US and European scientists are about to get a unique view of polar ice as their respective space agencies line up two satellites in the sky.
Authorisation was given on Tuesday for Europe’s Cryosat-2 spacecraft to raise its orbit by just under one kilometre.
This will hugely increase the number of coincident observations it can make with the Americans’ Icesat-2 mission.
One outcome from this new strategy will be the first ever reliable maps of Antarctic sea-ice thickness.
Currently, the floes in the far south befuddle efforts to measure their vertical dimension.
Heavy snow can pile on top of the floating ice, hiding its true thickness. Indeed, significant loading can even push Antarctic sea-ice under the water.
But researchers believe the different instruments on the two satellites working in tandem can help them tease apart this complexity.
Nasa’s Icesat-2, which orbits the globe at about 500km in altitude, uses a laser to measure the distance to the Earth’s surface – and hence the height of objects. This light beam reflects directly off the top of the snow.
Esa’s Cryosat-2, on the other hand, at around 720km in altitude, uses radar as its height tool, and this penetrates much more deeply into the snow cover before bouncing back.
How satellites measure sea-ice thickness from orbit
- Cryosat’s radar has the resolution to see the Arctic’s “floes” and “leads”
- Some 8/9ths of the ice tends to sit below the waterline – the draft
- The radar senses the height of the freeboard – the ice above the waterline
- Knowing this 1/9th figure allows Cryosat to work out sea-ice thickness
- The thickness multiplied by the area of ice cover produces a volume
- IceSat-2 does exactly the same as Cryosat but with a laser instrument
- The biggest uncertainty for both is the covering of snow on the ice
At present, scientists use really quite old climatology models to gauge the likely depth of snow cover when observing sea-ice in both the Arctic and the Antarctic. And while these models still work reasonably well in the north, they are next to useless in the south.
“Having Icesat and Cryosat work together will be like having this self-contained measurement system where we don’t have to rely on outdated data-sets anymore,” explained Nasa radar and laser altimetry scientist Dr Rachel Tilling.
“In future, we will more accurately be able to estimate the snow cover and therefore more accurately estimate the sea-ice thickness. In the Arctic, it will reduce our errors. In the Antarctic, I don’t think we really know yet just how cool this could be,” she told BBC News.
Antarctic sea-ice is highly variable in space and time.
In winter, it can extend to encompass an area touching 18 million sq km – more than the area of the land continent itself (14 million sq km). However, in summer, the floating ice will melt away to as little as 2-3 million sq km. But without an accurate assessment of the third dimension – floe thickness and thus volume – scientists are missing some key insights on the implications of this big swing in ice extent.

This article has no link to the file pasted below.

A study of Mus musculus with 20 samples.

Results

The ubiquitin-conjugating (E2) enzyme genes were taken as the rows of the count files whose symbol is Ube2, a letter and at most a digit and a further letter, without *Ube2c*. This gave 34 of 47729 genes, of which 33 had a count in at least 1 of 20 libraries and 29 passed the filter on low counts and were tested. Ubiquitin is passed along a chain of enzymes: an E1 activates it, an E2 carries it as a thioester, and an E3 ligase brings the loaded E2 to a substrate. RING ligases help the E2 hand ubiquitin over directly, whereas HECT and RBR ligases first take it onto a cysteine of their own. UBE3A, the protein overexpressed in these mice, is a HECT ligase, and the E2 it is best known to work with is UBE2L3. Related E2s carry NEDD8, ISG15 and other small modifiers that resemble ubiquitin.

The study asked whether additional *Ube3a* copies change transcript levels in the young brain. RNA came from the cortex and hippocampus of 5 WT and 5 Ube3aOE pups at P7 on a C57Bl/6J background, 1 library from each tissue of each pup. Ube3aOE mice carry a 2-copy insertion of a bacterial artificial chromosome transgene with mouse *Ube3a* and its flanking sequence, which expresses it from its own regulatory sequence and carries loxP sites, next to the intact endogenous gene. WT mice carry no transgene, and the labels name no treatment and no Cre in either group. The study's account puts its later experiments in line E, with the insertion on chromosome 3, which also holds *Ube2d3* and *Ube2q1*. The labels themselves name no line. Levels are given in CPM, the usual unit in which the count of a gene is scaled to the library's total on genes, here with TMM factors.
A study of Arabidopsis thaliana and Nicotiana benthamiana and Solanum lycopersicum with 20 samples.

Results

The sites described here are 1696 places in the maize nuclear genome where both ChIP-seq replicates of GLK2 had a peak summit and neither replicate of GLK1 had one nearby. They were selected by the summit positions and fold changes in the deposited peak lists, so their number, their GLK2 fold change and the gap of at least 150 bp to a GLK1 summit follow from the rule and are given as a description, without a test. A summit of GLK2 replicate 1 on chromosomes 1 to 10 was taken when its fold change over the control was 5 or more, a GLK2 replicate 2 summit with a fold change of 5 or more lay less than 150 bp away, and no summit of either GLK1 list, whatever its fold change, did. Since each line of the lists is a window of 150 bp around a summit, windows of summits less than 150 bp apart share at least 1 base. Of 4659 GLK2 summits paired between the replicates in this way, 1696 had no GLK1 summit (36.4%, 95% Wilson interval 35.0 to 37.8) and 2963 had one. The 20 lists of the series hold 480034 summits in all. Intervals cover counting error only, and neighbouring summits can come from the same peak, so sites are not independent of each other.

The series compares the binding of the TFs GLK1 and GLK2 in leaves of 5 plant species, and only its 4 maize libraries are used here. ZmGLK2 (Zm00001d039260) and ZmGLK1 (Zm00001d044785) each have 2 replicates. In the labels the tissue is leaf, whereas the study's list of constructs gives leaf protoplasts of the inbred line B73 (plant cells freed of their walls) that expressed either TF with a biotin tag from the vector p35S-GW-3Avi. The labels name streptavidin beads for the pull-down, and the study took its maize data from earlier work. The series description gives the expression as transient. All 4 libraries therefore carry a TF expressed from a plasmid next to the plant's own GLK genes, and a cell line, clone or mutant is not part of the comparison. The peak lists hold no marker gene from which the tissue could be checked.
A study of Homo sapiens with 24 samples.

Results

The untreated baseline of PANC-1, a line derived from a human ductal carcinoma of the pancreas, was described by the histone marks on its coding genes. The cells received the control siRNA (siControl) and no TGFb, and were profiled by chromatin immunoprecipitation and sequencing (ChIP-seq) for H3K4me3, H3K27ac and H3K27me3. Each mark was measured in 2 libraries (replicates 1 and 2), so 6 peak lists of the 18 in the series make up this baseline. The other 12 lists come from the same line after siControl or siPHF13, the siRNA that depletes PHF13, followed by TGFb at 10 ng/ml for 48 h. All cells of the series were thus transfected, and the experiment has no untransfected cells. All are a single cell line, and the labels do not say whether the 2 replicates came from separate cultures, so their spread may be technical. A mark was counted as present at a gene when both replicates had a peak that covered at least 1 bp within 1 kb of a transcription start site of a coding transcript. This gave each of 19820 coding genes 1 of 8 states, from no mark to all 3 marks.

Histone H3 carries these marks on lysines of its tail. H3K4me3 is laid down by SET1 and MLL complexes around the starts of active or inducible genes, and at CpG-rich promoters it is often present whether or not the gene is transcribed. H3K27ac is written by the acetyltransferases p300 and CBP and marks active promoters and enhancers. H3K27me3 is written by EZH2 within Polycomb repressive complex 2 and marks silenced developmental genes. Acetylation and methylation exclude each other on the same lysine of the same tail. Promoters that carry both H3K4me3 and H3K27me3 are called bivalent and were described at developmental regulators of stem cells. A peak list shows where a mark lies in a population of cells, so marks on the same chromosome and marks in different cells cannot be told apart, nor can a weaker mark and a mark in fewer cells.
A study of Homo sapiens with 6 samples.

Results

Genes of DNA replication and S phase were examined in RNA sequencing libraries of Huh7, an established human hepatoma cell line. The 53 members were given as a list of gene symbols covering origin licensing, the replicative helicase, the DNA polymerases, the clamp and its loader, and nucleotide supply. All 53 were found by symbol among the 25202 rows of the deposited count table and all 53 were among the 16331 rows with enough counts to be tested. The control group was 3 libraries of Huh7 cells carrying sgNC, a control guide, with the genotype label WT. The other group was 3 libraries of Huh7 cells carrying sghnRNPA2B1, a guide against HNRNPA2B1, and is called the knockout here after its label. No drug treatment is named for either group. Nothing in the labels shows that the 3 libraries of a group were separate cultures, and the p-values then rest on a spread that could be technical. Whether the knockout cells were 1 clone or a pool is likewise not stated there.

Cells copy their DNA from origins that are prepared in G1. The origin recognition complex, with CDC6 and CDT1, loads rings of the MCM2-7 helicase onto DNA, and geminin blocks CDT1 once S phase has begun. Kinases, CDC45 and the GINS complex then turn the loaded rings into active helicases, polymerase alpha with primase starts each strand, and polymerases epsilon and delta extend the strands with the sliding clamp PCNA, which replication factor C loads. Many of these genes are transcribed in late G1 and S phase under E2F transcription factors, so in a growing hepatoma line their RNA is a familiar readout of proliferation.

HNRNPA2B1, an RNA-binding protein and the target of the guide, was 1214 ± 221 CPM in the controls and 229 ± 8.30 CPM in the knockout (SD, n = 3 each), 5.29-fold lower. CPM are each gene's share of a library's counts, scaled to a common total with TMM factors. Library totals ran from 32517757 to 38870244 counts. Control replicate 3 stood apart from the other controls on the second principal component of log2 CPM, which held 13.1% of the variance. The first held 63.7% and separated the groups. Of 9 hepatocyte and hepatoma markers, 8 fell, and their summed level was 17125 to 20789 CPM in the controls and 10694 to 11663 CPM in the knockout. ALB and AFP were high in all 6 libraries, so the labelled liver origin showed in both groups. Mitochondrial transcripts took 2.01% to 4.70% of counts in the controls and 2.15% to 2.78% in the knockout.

“If you take for example the thicker sea-ice in the western Weddell Sea – this eventually gets exported into the southern Atlantic. And what you’re doing is essentially exporting freshwater (sea-ice incorporates little salt when it freezes) that’s going to affect the distribution of ocean salinity and ocean circulation when the ice ultimately melts,” said Dr Mark Drinkwater, the head of Earth & Mission Science at Esa.
“And if we can say something about the snow loading on the sea-ice then we can also say something about precipitation in Antarctica. That’s something about which we’re completely naïve. So we’d be getting both atmospheric and ocean insights.”
On Tuesday, managers at Esa gave final approval for the joint campaign known as Cryo2Ice.
Cryosat will fire its thrusters on 16 July to climb a few hundred metres higher into the sky. The manoeuvre, which will take a couple of weeks to complete, will not compromise the longevity of the mission as the spacecraft has ample fuel on board.
Esa’s Cryosat’s mission manager, Dr Tommaso Parrinello, told BBC News: “Icesat is quite a bit below us so we can’t go down to meet them, but by going up we find this incredible resonant orbit in which for every 19 orbits for us and 20 orbits for them – we will meet at the poles within a certain time lag. Basically, every 1.5 days, we meet over the poles within a few hours of each other and that means we can observe the same ice almost simultaneously.
“This could be revolutionary. We may never get the chance again to do this with two such different instruments.”
The closest we may get to this dual observation mode is a future radar spacecraft codenamed Cristal. It would map sea-ice in two frequency bands to pick up some of the differences in the way snow and ice will scatter back satellite signals, but the effect won’t be as pronounced as between Cryosat and Icesat.
Last week, Esa’s industrial policy committee gave the nod to Airbus in Germany to start developing Cristal. The mission could fly by the decade’s end if sufficient funds can be raised by the agency and its partner on the project, the European Commission.